Credit: Emily Shur/A&E

Image Credit: Emily Shur/A&EThe concept of A&E’s Storage Wars is incredibly simple. Unpaid storage lockers go up for auction, and the four profiled buyers mine them for valuable goods (and basically anything that can earn them a few bucks in resale at their respective thrift stores). In fact, in theory, it sounds kind of boring. After accidentally spending three separate Saturdays marathoning this show in the last month’s time, I can declare that presumption false.

These “buyers” are actually like mythical creatures that have the ability to turn apparent junk into major cash with a single wave of their sunburned paws. But the gamble is that the business doesn’t always pay (particularly for buyers like rookie Jarrod who tend to make riskier purchases). They only get five minutes to peek inside a locker and decide how much money they will invest, knowing very well that the contents might not provide any return. (In one episode, Gordon Gekko doppelgänger Barry even brought a pair of psychics with him to tell him whether lockers were worth purchasing.)

Each of the four men the show follows has at least a few success stories to share. One man, Darrell (maybe my favorite of the bunch because he’s not as underhanded as the rest), once talked about paying a few hundred dollars for a storage locker that turned out to have a rare comic book collection inside — we’re talking first editions/nerd paradise/a storage buyer’s retirement fund. Needless to say, he won that battle. And seasoned buyer Dave, who I despise because he consistently hikes up the price of lockers with no intention of purchasing them, tends to have at least one major score an episode.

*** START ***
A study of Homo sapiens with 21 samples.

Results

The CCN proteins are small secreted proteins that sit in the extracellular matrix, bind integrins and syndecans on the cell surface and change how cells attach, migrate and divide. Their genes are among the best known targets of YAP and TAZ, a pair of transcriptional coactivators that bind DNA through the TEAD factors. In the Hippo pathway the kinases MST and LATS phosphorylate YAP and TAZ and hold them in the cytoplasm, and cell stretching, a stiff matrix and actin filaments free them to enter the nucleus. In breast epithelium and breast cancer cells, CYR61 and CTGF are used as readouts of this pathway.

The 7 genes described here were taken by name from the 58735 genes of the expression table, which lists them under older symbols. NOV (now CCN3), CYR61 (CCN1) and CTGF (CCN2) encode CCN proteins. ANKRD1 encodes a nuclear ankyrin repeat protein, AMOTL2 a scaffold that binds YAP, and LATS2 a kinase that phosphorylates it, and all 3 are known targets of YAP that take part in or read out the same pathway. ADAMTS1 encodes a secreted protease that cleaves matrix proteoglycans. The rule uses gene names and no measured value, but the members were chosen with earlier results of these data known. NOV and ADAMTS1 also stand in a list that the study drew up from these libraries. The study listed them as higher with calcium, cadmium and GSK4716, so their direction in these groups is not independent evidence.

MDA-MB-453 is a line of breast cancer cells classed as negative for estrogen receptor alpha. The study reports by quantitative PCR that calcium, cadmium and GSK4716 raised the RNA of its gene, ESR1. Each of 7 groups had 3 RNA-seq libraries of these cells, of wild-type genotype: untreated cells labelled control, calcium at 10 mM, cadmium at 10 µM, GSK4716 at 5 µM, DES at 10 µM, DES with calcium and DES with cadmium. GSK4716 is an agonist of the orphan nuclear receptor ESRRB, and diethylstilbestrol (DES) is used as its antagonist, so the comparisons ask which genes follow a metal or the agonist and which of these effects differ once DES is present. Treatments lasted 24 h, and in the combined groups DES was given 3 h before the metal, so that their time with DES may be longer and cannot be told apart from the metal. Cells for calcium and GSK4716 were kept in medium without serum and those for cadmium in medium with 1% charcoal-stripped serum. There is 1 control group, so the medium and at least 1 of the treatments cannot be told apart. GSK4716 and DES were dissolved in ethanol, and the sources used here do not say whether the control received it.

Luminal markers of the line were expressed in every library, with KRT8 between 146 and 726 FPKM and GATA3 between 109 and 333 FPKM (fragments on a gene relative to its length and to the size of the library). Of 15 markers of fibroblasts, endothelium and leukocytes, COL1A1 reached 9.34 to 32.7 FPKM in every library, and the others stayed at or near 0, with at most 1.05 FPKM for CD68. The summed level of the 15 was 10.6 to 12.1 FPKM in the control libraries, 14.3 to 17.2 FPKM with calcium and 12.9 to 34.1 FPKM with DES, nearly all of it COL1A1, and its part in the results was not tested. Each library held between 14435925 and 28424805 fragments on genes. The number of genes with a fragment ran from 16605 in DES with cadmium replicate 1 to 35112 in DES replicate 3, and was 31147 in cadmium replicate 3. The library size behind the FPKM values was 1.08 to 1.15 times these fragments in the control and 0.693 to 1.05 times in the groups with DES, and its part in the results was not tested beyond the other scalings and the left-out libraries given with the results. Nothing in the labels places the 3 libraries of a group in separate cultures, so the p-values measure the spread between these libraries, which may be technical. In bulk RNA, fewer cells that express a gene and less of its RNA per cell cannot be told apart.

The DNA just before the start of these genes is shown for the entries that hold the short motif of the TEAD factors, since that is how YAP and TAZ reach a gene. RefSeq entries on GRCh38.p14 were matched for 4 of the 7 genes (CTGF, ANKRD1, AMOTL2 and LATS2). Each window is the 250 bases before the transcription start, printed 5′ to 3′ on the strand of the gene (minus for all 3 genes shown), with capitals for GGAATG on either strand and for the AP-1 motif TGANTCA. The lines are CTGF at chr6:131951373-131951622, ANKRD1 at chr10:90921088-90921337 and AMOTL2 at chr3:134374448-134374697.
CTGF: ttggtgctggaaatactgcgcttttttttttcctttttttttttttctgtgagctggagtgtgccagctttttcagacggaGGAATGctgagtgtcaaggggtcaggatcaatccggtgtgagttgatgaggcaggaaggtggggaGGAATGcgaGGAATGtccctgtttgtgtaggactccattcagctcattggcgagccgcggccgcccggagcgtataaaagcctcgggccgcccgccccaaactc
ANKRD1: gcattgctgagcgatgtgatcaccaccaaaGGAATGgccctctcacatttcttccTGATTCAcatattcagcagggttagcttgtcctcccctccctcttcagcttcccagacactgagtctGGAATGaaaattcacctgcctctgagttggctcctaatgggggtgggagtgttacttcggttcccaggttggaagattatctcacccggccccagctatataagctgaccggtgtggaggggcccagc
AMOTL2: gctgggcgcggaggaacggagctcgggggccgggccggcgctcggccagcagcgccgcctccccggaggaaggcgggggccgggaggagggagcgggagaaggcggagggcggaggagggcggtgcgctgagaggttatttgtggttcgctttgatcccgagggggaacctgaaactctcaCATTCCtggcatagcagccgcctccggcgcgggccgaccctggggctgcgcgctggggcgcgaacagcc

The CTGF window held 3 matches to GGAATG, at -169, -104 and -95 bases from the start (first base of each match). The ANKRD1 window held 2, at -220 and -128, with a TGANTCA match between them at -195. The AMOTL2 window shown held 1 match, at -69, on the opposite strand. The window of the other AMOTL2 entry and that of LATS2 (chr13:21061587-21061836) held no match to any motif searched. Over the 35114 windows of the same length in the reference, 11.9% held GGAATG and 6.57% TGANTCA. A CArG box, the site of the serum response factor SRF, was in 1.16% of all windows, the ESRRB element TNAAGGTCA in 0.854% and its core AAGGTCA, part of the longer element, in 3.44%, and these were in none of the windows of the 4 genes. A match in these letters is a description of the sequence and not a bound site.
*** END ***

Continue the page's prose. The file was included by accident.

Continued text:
I’ve spent some time since my most recent Storage Wars marathon pondering the appeal of the show. Is it the big wins? The losses? The growing knowledge of surprisingly valuable crap I need to be looking out for? Well, it’s all of that. Plus, since I was kid I’ve always wanted to find buried treasure and these men sort of do exactly that — except it’s buried under rat dropping-covered boxes.

Considering the most recent episode attracted 3.3 million viewers, I’m guessing I’m not alone in my fascination with this show. Are you watching Storage Wars, PopWatchers? And why?!